Prologue

This book is intended to be your first introduction to the TOOLS of finance. It is not a survey of finance, but rather a collection of the foundational tools you can ACTUALLY USE to solve finance problems you will encounter in your personal life and careers.

It is intended to be used in the first finance course for finance majors and as a finance founda- tion course for all business majors. The resources contained within are designed to teach you the material and provide you with a reference you can refer back to as you progress to higher level finance courses, or as a targeted refresher.

The material is presented in a conversational style with a “tutor-to-mentor” voice. Topics are presented with the intent to solve targeted problems. This allows you to see why you should learn the new material. Every topic is introduced as an extension of earlier material. As you master earlier material, you will naturally begin to question where certain factors come from. These questions lead to the next topic or technique, which brings up new questions that are answered with the next topic and so on. The book also makes strategic use of repetition. By continually seeing familiar material in unique contexts you will start to build mental connections among the topics. This will lead to long-term retention of the material.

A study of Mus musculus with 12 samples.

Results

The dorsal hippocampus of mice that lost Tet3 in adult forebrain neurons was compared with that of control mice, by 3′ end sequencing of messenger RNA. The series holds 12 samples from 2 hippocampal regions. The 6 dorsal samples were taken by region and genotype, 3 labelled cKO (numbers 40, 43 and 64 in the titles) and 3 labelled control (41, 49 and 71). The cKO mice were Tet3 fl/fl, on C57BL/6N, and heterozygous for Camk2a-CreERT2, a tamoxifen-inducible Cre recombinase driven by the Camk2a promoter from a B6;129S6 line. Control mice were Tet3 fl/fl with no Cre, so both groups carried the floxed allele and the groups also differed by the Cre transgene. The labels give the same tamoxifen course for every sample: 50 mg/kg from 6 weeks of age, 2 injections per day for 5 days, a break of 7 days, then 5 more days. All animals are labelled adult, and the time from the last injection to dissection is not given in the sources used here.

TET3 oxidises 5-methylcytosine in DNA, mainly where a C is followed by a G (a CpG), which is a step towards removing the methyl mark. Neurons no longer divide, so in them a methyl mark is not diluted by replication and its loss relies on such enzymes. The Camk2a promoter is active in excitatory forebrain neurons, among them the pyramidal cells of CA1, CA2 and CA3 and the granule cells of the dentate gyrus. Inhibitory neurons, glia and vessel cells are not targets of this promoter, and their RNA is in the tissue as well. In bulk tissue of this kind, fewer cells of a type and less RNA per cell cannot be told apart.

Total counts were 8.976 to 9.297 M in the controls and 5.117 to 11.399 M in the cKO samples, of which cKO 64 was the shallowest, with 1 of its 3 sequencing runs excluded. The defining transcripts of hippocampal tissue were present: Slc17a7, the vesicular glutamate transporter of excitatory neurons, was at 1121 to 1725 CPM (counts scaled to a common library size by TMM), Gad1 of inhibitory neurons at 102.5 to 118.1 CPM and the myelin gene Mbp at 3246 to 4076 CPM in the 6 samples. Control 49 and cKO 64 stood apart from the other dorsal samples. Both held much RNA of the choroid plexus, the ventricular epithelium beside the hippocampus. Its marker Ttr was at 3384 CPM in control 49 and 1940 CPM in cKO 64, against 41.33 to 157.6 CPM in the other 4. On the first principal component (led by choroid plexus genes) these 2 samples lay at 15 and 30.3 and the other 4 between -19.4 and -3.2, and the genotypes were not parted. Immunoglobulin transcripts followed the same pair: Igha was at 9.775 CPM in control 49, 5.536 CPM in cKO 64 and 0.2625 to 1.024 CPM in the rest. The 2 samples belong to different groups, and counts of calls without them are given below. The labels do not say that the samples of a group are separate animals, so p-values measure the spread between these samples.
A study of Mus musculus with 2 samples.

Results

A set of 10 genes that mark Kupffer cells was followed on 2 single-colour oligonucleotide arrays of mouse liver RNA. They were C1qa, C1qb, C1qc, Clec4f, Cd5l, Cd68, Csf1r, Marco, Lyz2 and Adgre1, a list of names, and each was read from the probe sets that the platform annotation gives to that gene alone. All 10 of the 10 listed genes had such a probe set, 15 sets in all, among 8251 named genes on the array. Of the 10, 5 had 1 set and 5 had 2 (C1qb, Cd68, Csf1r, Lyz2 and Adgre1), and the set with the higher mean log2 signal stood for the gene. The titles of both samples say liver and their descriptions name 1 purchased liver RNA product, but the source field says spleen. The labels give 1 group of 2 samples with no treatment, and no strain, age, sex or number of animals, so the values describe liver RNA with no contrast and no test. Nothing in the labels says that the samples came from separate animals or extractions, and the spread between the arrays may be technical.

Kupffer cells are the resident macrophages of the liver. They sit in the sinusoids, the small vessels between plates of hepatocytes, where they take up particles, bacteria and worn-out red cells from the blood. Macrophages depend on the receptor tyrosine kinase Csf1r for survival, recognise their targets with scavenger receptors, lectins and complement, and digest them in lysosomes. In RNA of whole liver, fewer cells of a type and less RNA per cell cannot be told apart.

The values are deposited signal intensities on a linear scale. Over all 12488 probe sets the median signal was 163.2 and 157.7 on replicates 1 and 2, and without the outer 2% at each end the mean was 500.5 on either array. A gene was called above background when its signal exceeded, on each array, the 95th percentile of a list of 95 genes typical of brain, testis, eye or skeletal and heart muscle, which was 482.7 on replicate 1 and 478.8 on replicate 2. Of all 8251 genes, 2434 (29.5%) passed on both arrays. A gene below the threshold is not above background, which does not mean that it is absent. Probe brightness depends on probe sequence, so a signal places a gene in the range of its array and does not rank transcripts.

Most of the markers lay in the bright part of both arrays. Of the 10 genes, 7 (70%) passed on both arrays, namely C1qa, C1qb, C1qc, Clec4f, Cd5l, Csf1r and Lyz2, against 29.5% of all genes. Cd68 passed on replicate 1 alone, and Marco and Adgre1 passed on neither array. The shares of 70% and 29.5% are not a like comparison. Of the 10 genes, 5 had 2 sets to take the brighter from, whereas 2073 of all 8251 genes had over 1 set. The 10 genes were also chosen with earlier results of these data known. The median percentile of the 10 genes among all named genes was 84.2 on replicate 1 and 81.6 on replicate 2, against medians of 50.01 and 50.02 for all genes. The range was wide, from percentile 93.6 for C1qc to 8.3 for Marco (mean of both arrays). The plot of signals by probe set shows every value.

The connections among the topics are built up and illustrated with concept maps. Concept maps are a graphical way to summarize large amounts of information and you will find them to be useful “cheat sheets.”

The book makes extensive use of visual material with timelines and videos. The typical format for the material is

• A brief narrative of the topic being covered,

• A narrated video demonstrating how to work problems associated with the topic (via You- Tube link),

• Example problems—worked out,

• In-class exercises.

The book is particularly suited for a “flipped” format course delivery. With a flipped format class, you are presented new material outside of class and your professor can use in-class time to work problems or for discussion.